ARTICLE

Segregation Is Still Part of Our Classroom

Through Big Brothers, Big Sisters, I’ve been working with a little girl from the neighborhood where I used to teach. I think very highly of this group and have only had good experiences with them. However, at a recent area-wide picnic, I noticed something disturbing. Most (not all, but the vast majority) of the children being mentored were African American or Latino. Most of the adult mentors were white or Asian. Again, this was not without exception, but was apparent.

Through Big Brothers, Big Sisters, I’ve been working with a little girl from the neighborhood where I used to teach. I think very highly of this group and have only had good experiences with them. However, at a recent area-wide picnic, I noticed something disturbing. Most (not all, but the vast majority) of the children being mentored were African American or Latino. Most of the adult mentors were white or Asian. Again, this was not without exception, but was apparent.

In this area of California, there is still a considerable amount of segregation, and it comes mostly from socio-economic inequality. The expensive neighborhoods are predominantly Caucasian, with some Asian (although not Southeast Asian) people mixed in. The low-income areas that tend to be less desirable places to live and are almost all black and Hispanic. I, a white woman, get stares when I walk down the street because I’m so out of place. I’ve never been sure how to explain this phenomenon to the children that I work with. Californians often point to the Deep South as the example of negative effects of segregation, but there are also plenty of examples here in the progressive Bay Area.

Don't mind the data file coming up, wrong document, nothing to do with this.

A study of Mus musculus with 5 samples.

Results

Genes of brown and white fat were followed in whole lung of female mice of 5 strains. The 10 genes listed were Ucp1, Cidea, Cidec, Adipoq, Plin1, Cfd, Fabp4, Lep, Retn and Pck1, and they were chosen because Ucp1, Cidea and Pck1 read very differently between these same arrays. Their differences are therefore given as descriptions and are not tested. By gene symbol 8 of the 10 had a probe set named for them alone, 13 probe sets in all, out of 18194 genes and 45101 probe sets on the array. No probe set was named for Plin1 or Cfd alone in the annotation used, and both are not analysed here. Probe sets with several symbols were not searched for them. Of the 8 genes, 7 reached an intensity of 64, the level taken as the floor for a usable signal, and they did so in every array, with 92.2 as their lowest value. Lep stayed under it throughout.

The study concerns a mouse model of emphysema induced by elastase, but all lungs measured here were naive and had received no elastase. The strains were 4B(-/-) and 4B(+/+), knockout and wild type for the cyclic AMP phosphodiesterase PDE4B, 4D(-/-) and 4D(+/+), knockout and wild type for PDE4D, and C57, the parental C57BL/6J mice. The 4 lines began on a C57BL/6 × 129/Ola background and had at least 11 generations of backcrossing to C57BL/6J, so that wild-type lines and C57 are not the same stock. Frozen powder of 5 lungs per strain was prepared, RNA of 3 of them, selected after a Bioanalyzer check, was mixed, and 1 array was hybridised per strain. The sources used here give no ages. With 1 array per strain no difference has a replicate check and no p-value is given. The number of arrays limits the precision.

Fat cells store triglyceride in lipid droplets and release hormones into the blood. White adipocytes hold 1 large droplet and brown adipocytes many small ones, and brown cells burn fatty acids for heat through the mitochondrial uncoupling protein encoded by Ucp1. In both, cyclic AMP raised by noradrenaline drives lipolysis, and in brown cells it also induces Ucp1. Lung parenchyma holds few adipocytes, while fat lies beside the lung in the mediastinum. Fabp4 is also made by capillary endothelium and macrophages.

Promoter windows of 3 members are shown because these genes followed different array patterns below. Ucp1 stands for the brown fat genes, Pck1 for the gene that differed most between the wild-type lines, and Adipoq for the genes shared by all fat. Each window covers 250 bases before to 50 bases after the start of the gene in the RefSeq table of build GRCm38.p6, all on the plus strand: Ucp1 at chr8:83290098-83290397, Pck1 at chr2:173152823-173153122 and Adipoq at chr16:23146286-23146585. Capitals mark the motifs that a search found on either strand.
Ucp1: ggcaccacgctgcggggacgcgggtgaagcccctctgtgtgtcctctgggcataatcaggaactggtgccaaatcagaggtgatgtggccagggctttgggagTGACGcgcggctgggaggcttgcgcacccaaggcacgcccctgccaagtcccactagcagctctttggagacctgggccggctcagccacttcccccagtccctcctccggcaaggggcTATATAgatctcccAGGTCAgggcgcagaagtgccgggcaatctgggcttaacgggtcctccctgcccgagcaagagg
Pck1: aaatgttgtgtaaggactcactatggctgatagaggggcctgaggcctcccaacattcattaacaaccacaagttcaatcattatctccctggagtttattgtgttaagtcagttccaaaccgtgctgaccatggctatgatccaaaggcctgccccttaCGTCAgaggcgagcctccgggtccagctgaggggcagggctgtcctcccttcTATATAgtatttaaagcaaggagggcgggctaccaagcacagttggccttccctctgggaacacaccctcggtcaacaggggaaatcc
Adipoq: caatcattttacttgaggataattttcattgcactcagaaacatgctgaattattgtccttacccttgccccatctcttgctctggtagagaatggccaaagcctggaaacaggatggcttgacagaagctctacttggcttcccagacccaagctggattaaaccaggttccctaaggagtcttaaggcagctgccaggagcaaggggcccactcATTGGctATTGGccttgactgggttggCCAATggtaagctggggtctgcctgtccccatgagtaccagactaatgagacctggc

In 2000, I was new to the area and new to teaching. I was young and naïve about the amount of racism and segregation still present. I struggled to get to know my students while keeping my head above water with the curriculum. The entire 1st grade was immersed in a project about Rev. Dr. Martin Luther King Jr.’s “I Have a Dream” speech. I stumbled through explaining the bus boycott and segregation. At one point, I oversimplified and said something like, “Dr. King helped make it so black kids and white kids could go to school together.”

The kids looked at me incredulously. “But teacher,” one little girl explained. “Black kids don’t go to school with white kids. Ain’t no white kids at our school.” All the other students started nodding. It slowly dawned on me that she was right. There was not one single white child at that school. In fact, in my eight years of teaching there, the only kids who looked white were two Bosnian refugees. 

Another time, I heard my first-graders discussing race. The conversation went something like this:

First student: There are three kinds of kids: black, Chinese and Mexican.

Second student: What about white kids?

First student: Silly, there’s no white kids. There’s only white teachers.

I’ve been thinking about that conversation for 13 years now and I still wouldn’t know how to respond, just like I don’t know how to explain the demographics of the picnic. I think we (teachers and other adults) mostly pretend this inequity doesn’t exist—after all, we didn’t have Jim Crow here in California. But this approach is neither beneficial nor respectful of anybody. As for my mentee, she’s extremely observant and very analytical, but she hasn’t brought this up to me yet. Is that because she is so used to it or because she already understands the inequality and assumes that it’s here to stay?  I really want to have an ending where I tell everyone what I learned and how to deal with this problem in the future but I just don't. I’d love to hear from others. What is the best way for me to address this in a hopeful but honest manner?

Editor’s Note: Teaching Tolerance offers the several resources to open the discussion about segregation in schools here and here.

Harris is a teacher, tutor and volunteer in California.